Don’t let the biggest monthly jobs gain in five years fool you. Dark clouds on the horizon are getting harder to ignore.
Economists at Goldman Sachs and Morgan Stanley have certainly noticed. They cut their 2011 U.S. growth forecasts again this weekend, blaming high energy prices for soft spending and warning that months of mushy consumer numbers – brought to you by the next round of government belt-tightening – lie ahead.
Despite the impressive-looking jobs report Friday that showed private payrolls adding 268,000 workers in April, both firms warned that most of the good news on the labor front this year may be behind us. Both expect the economy to continue expanding — but not fast enough to bring unemployment down much.
“Slower growth is likely to keep the unemployment rate somewhat higher than we previously thought,” economist Jan Hatzius writes.
Goldman and Morgan both expect the jobless rate to tick down just 3 tenths of a percentage point between now and year-end, to 8.7%. And Goldman actually raised its forecast for joblessness at the end of next year to 8.25% from 8% previously. Anyone who believes this is going to count as enough progress to satisfy Ben Bernanke and send the Fed to the exit should have his head examined.
Why are the supposed bulls on the economy getting so glum? Start with a downturn in recent indicators. Weak numbers in recent weeks include a sharp drop in the Institute for Supply Management’s nonmanufacturing survey, along with a rise in first-time jobless claims and a disappointing household employment report, suggest the economy is not going to expand this year or next at the clip economists had foreseen, Hatzius writes.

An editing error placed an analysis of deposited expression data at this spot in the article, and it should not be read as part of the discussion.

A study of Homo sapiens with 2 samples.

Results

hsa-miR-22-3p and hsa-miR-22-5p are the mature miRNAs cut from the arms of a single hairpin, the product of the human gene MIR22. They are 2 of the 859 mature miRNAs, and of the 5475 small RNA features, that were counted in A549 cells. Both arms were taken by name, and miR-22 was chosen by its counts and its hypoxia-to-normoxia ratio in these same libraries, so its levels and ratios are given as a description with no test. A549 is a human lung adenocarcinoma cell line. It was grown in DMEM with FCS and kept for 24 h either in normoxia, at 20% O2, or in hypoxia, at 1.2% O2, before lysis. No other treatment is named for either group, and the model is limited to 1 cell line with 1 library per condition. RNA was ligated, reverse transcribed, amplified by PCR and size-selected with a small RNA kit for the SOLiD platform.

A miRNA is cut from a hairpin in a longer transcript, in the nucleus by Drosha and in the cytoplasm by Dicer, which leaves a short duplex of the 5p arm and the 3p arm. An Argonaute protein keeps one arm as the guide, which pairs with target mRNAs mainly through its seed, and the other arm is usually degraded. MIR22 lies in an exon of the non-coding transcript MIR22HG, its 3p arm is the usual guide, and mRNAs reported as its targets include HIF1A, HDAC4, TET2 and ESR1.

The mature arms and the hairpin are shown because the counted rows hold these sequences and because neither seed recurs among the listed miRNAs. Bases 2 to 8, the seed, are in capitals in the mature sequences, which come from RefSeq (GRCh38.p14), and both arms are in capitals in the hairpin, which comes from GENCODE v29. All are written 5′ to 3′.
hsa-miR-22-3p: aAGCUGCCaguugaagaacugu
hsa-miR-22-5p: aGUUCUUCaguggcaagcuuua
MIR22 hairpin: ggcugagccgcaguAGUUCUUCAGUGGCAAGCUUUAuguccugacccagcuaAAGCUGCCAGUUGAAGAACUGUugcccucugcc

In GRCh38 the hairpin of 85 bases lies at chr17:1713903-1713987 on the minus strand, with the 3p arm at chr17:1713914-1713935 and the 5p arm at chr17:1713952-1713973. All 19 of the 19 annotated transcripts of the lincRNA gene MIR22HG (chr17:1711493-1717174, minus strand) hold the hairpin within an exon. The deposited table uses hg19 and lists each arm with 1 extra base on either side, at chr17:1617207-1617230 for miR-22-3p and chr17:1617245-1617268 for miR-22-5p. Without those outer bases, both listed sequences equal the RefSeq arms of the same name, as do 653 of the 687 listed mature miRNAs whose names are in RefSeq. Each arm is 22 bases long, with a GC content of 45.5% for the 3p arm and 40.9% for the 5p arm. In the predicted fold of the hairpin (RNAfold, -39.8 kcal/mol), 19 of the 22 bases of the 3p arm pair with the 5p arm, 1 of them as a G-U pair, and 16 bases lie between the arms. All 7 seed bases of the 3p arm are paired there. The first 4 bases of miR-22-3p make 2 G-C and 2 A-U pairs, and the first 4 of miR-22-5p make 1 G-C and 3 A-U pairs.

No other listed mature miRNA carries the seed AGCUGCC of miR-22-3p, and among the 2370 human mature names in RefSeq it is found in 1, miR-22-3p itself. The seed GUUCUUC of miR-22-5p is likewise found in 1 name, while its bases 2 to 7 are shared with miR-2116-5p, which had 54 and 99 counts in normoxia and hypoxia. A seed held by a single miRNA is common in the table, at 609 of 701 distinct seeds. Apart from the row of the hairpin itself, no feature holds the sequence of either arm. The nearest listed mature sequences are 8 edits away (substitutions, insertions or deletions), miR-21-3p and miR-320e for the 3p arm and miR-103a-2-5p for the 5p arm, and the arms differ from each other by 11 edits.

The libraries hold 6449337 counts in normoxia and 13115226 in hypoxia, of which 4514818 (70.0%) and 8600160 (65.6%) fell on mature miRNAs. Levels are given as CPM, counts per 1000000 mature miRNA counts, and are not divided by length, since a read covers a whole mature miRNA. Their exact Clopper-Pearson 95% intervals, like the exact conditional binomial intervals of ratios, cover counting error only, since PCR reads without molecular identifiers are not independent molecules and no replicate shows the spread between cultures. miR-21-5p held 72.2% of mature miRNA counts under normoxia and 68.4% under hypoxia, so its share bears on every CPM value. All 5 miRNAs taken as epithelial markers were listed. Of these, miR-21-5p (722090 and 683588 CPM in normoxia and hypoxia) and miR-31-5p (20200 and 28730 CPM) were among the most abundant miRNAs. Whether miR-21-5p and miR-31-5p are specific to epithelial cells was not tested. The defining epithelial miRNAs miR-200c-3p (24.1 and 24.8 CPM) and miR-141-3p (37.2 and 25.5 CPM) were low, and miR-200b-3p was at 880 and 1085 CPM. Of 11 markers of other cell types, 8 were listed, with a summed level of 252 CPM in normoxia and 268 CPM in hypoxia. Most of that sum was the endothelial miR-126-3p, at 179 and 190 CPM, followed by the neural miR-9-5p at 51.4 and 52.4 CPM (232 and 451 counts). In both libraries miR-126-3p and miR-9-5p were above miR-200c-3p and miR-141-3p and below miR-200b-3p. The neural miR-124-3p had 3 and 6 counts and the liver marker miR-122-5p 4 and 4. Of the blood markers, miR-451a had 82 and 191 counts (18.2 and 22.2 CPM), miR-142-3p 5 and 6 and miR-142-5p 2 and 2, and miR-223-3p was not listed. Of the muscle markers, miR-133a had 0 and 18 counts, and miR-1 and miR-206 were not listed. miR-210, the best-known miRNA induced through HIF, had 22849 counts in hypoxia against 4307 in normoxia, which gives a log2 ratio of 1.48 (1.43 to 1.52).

Part of that unhappy household report was the revelation that the unemployment number many people track – the so-called U6 line, which lumps the jobless together with those who would like to work more but can’t find a willing employer – actually turned higher in April after six monthly declines (see chart, above).
Meanwhile, fully a quarter of teenagers remain unemployed. That’s not a trend that bodes well for coming years.
So Goldman, which came into the year trumpeting its bullish turn and forecasting annual inflation-adjusted growth as high as 4% in the next few years, has had to pull in its horns again. After slashing its first-quarter outlook last month, Goldman on Friday cut its 2011 growth projection to 2.7% from 2.9% and its 2012 projection to 3.2% from 3.8%.
And in what looks an awful lot like wishful thinking, the reduced forecasts at both Goldman and Morgan Stanley depend on high oil prices – which plunged last week after a long run-up — giving back more of their gains. That’s hardly impossible, but is it something we can count on?
To listen to the guys who were selling the 4% growth story not too long ago, it is.
“If the collapse in prices seen over the past couple of trading sessions is sustained, this would provide some meaningful support to the consumer,” Morgan Stanley’s David Greenlaw writes. Goldman economists, Hatzius writes, “expect GDP growth to remain above trend, and to accelerate in late 2012 as the effects of the rise in oil prices begin to fade.”
And if they don’t fade? Don’t worry, there’s plenty of time for another downgrade.